A Haitian government spokesman says 30 people have been deported to Haiti, but that a former paramilitary leader accused of murder and torture was not among them as a result of recent discussions with U.S. officials
PORT-AU-PRINCE, Haiti —
Thirty people were deported to Haiti on Tuesday, but a former paramilitary leader accused of murder and torture was not among them as a result of recent discussions with U.S. officials, according to a Haitian government spokesman.
The spokesman, Eddy Jackson Alexis, said Haiti’s prime minister talked with the U.S. State Department to avoid — for now — the deportation of Emmanuel Constant, who became the feared leader of a paramilitary group after President Jean-Bertrand Aristide was toppled in 1991.
Alexis said the government would arrest Constant if he is ever deported from the U.S. to Haiti, but that he also would be eligible for a second trial. Constant has denied the accusations of murder and torture. There are concerns in Haiti that his return would further destabilize the country.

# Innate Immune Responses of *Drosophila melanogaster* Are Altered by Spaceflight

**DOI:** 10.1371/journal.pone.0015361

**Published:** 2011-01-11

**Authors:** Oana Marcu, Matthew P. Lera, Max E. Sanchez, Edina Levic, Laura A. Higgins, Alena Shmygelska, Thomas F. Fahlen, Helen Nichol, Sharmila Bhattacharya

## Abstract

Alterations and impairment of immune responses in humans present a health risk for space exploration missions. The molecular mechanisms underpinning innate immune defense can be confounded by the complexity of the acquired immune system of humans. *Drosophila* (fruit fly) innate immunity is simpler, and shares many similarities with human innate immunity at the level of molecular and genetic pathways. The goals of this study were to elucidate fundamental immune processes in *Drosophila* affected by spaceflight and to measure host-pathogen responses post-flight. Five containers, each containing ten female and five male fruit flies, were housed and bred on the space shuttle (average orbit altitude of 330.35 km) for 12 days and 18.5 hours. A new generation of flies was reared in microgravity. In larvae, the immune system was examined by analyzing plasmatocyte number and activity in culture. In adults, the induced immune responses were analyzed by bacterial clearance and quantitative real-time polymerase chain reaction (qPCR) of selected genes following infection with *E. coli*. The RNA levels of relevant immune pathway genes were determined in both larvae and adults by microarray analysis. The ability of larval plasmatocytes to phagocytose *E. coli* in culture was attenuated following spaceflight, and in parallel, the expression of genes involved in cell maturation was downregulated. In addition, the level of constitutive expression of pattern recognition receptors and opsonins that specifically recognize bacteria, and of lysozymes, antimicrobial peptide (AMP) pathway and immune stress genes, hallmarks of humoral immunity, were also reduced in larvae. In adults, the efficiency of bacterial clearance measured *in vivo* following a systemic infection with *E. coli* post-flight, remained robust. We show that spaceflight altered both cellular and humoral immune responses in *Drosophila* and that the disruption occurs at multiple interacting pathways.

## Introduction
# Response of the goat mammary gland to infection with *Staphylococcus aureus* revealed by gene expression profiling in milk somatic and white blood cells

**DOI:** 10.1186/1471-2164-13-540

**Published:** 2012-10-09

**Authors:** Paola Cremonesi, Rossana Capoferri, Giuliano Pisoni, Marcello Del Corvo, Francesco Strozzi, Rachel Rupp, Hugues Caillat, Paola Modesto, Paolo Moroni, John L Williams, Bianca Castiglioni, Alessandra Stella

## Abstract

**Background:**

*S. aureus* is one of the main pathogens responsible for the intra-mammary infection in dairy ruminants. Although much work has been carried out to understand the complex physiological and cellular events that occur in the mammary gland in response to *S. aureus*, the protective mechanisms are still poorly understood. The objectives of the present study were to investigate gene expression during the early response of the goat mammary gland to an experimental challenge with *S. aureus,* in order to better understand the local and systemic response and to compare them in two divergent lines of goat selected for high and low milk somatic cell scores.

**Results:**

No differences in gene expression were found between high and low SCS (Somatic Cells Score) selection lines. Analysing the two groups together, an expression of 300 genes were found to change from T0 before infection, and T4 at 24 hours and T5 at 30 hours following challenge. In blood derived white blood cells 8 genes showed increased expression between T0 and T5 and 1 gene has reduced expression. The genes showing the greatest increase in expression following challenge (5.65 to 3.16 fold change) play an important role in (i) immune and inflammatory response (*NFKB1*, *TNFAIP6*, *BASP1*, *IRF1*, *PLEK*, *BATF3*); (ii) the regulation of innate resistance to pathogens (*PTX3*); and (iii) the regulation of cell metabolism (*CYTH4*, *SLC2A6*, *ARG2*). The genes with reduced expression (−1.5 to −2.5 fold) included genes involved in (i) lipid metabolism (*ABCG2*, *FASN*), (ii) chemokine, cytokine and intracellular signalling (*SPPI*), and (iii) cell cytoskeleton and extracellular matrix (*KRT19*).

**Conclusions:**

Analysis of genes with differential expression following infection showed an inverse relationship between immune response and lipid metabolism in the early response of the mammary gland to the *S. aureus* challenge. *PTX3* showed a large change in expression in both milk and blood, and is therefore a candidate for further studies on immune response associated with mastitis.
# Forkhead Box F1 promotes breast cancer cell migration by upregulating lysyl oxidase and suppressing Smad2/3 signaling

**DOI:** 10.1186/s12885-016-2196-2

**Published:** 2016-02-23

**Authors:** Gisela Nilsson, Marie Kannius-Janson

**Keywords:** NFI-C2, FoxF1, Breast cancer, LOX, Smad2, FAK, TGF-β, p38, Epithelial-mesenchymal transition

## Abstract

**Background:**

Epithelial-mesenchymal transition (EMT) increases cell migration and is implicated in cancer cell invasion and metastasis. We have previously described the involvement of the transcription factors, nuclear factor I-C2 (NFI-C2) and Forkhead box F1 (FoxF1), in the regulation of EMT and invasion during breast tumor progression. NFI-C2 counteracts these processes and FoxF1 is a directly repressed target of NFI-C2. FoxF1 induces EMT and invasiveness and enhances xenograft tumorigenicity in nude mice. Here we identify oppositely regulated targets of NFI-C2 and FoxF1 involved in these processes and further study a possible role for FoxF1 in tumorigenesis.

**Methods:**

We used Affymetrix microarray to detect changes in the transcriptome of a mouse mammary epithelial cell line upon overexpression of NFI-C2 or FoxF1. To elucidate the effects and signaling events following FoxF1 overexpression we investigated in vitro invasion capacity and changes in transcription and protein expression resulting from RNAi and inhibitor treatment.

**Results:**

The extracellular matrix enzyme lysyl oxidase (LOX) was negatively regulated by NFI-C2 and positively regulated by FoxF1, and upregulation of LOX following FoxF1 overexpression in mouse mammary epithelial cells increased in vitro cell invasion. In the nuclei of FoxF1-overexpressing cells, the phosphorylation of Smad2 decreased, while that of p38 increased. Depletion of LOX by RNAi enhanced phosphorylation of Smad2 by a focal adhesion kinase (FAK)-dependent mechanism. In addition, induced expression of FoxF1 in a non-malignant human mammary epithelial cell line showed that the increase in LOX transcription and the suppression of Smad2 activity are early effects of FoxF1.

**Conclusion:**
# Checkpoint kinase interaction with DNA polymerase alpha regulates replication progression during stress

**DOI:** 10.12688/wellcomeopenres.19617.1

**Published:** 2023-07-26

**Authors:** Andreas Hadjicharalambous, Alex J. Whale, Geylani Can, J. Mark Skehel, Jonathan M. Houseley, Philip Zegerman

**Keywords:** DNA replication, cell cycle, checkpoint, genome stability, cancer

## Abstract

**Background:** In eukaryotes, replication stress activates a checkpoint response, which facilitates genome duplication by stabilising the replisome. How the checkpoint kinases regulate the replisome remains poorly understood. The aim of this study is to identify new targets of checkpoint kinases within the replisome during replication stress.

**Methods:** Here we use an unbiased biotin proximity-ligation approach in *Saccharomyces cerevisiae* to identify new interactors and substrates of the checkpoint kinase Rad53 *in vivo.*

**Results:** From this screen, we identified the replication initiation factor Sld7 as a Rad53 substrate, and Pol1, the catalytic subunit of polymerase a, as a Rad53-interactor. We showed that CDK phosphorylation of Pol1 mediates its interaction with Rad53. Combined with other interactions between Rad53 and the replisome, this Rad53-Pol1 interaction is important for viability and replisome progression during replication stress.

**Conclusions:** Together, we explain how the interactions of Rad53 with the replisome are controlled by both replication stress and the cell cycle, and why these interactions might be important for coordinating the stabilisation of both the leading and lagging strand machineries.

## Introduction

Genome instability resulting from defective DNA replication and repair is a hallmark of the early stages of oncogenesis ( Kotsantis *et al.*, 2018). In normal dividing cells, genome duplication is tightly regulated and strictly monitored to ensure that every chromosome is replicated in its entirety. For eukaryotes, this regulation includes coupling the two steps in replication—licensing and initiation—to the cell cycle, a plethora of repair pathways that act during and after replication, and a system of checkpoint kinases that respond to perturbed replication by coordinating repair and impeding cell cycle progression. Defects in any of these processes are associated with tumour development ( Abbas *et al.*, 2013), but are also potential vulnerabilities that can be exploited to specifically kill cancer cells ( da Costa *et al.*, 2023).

Jean Negot Bonheur Delva, director of Haiti’s migration office, said 16 of the 30 deportees who arrived Tuesday have criminal backgrounds and that the U.S. government said all of them tested negative for the new coronavirus. He said the group would be placed under a two-week quarantine and will be tested again at the end of it and placed in isolation if necessary.
It is the third such flight to Haiti since the pandemic, with more than 200 people in total deported from the U.S. Several of them have tested positive for the coronavirus amid concerns they are straining the impoverished country’s limited resources. Activists have repeatedly called on President Jovenel Moïse to stop accepting deportees and ask that U.S. President Donald Trump place a moratorium on deportations.
Haiti has reported more than 1,000 confirmed cases of the new coronavirus and at least 31 deaths.